Introduction: The increased thrombotic cardiovascular (CV) risk in trials of cyclooxygenase-
2 (COX-2) inhibitors versus placebo, and the apparent similar risk with nonsteroidal
antiinflammatory drugs (NSAIDs), may be related to their potential to elevate blood
pressure (BP). Aims: We evaluated the relationship between baseline BP and change in
BP on CV events (CVEs) in patients receiving NSAIDs or COX-2 inhibitors in the prospective
randomized, double-blind, Multinational Etoricoxib and Diclofenac Arthritis Long-term
Program (N = 34,701) comparing etoricoxib 60 or 90 mg or diclofenac 150 mg daily for a
mean duration of 18 months. The main outcome measure was confirmed thrombotic CVEs.
The Antiplatelet Trialistsa?? Collaboration endpoint, all-cause mortality, CV/congestive heart
failure (CHF) mortality, and CHF incidence were similarly evaluated. Results: We found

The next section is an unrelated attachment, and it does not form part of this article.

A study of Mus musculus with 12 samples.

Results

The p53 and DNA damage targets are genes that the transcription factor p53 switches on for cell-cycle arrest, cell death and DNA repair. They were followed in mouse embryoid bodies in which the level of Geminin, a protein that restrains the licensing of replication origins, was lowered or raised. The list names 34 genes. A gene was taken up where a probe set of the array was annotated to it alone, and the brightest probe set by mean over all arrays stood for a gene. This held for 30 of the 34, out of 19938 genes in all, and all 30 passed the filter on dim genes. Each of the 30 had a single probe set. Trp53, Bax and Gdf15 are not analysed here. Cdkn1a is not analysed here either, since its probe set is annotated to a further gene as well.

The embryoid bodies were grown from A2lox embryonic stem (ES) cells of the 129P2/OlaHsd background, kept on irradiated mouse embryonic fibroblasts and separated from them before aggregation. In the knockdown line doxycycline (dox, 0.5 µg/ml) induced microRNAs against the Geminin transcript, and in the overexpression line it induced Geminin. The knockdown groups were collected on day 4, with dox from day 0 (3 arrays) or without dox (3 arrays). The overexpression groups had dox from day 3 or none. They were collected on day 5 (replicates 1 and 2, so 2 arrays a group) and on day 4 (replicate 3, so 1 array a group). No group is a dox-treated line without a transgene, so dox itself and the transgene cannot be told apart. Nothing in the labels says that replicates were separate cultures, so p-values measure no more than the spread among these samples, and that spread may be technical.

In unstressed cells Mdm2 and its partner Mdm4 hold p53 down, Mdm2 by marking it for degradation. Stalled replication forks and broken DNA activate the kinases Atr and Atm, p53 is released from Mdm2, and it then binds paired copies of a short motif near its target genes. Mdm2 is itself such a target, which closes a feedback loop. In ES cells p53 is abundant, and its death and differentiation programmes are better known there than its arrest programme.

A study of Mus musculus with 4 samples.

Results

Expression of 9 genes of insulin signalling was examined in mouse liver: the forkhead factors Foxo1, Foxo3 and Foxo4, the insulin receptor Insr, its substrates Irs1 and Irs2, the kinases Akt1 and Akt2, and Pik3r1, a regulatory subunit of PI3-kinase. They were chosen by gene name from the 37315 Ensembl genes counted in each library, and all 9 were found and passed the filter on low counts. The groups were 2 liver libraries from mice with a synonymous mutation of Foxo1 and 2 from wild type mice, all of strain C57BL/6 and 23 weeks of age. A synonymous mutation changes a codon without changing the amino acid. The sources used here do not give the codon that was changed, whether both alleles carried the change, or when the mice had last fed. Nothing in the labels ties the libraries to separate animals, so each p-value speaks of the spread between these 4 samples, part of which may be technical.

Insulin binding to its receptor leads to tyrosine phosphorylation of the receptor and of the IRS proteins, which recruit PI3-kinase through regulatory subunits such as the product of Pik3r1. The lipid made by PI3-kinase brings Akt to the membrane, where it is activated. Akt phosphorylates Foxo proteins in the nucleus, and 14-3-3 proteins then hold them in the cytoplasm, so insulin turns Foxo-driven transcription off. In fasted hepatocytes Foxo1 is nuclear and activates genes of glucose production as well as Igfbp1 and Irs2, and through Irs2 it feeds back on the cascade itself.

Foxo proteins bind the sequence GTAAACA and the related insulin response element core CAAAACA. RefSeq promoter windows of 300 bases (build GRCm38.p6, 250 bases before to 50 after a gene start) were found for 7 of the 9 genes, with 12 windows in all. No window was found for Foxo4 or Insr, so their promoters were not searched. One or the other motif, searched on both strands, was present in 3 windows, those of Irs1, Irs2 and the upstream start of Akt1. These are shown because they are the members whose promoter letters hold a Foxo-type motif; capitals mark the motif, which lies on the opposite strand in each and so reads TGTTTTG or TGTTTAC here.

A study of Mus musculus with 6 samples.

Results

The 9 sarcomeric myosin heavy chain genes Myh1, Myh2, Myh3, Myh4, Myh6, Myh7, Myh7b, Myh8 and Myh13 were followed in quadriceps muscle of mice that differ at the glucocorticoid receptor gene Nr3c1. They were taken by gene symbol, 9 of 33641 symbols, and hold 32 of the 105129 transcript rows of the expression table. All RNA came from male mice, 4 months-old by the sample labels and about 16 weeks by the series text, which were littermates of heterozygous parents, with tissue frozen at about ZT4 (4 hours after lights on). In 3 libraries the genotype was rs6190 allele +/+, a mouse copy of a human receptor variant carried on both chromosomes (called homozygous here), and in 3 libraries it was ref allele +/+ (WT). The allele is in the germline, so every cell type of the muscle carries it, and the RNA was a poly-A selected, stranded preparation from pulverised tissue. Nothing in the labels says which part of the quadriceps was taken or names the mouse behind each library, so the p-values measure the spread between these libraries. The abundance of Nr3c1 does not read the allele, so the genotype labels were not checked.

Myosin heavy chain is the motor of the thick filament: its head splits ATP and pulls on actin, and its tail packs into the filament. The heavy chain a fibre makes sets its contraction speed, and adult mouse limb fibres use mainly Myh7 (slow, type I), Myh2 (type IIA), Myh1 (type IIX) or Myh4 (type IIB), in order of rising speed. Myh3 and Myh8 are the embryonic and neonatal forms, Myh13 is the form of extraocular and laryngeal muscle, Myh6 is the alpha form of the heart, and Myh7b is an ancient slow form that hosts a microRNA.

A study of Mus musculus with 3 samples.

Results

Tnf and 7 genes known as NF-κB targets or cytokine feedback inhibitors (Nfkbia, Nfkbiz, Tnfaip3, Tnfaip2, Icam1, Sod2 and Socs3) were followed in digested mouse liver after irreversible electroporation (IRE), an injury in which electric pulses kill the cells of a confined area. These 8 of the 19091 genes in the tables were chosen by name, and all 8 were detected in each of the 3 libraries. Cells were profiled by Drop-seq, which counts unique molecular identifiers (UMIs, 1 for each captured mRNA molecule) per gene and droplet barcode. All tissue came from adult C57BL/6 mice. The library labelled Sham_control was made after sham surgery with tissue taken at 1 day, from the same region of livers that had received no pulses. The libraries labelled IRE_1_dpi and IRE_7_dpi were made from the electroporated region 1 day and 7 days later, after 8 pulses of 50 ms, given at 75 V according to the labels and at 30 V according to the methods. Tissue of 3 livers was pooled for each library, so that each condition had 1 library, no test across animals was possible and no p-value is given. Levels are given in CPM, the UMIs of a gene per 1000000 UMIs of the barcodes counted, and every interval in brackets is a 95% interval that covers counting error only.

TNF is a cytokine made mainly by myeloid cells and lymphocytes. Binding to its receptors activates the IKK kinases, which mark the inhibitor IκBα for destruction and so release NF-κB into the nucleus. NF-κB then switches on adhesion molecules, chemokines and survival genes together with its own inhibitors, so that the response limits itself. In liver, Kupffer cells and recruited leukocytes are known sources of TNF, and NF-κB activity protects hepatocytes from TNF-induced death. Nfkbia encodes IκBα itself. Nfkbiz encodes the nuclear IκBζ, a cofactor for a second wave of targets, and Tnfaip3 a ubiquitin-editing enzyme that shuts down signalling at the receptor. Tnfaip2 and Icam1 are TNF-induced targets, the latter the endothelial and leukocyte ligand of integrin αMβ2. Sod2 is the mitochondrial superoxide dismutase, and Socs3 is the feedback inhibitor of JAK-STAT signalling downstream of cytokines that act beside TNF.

that baseline systolic BP (SBP) was associated with significantly higher risk of all events
(P <0.001). Baseline diastolic BP (DBP) was inversely and significantly associated with risk
of all events (P <0.001 to P = 0.016) except CV/CHF mortality (P = 0.054). There was no
significant differential effect between etoricoxib and diclofenac in relation to CVEs, except
for confirmed CHF, for which the risk was significantly higher with etoricoxib (P = 0.019).
Only CHF risk (P = 0.020 for both SBP and DBP change), but not thrombotic endpoints,
was significantly associated with change in BP from months 0 to 4. These findings were not
meaningfully altered after covariate adjustment for baseline CV risk. Conclusions: Baseline
BP, but not change in BP, was significantly associated with risk of thrombotic CVEs through
18 months. The CV risk of COX-2s and NSAIDs did not appear to be related to the BPelevating
effects of these agents, although such analyses, i.e., from randomized controlled
trials, are unable to definitively exclude such a relationship.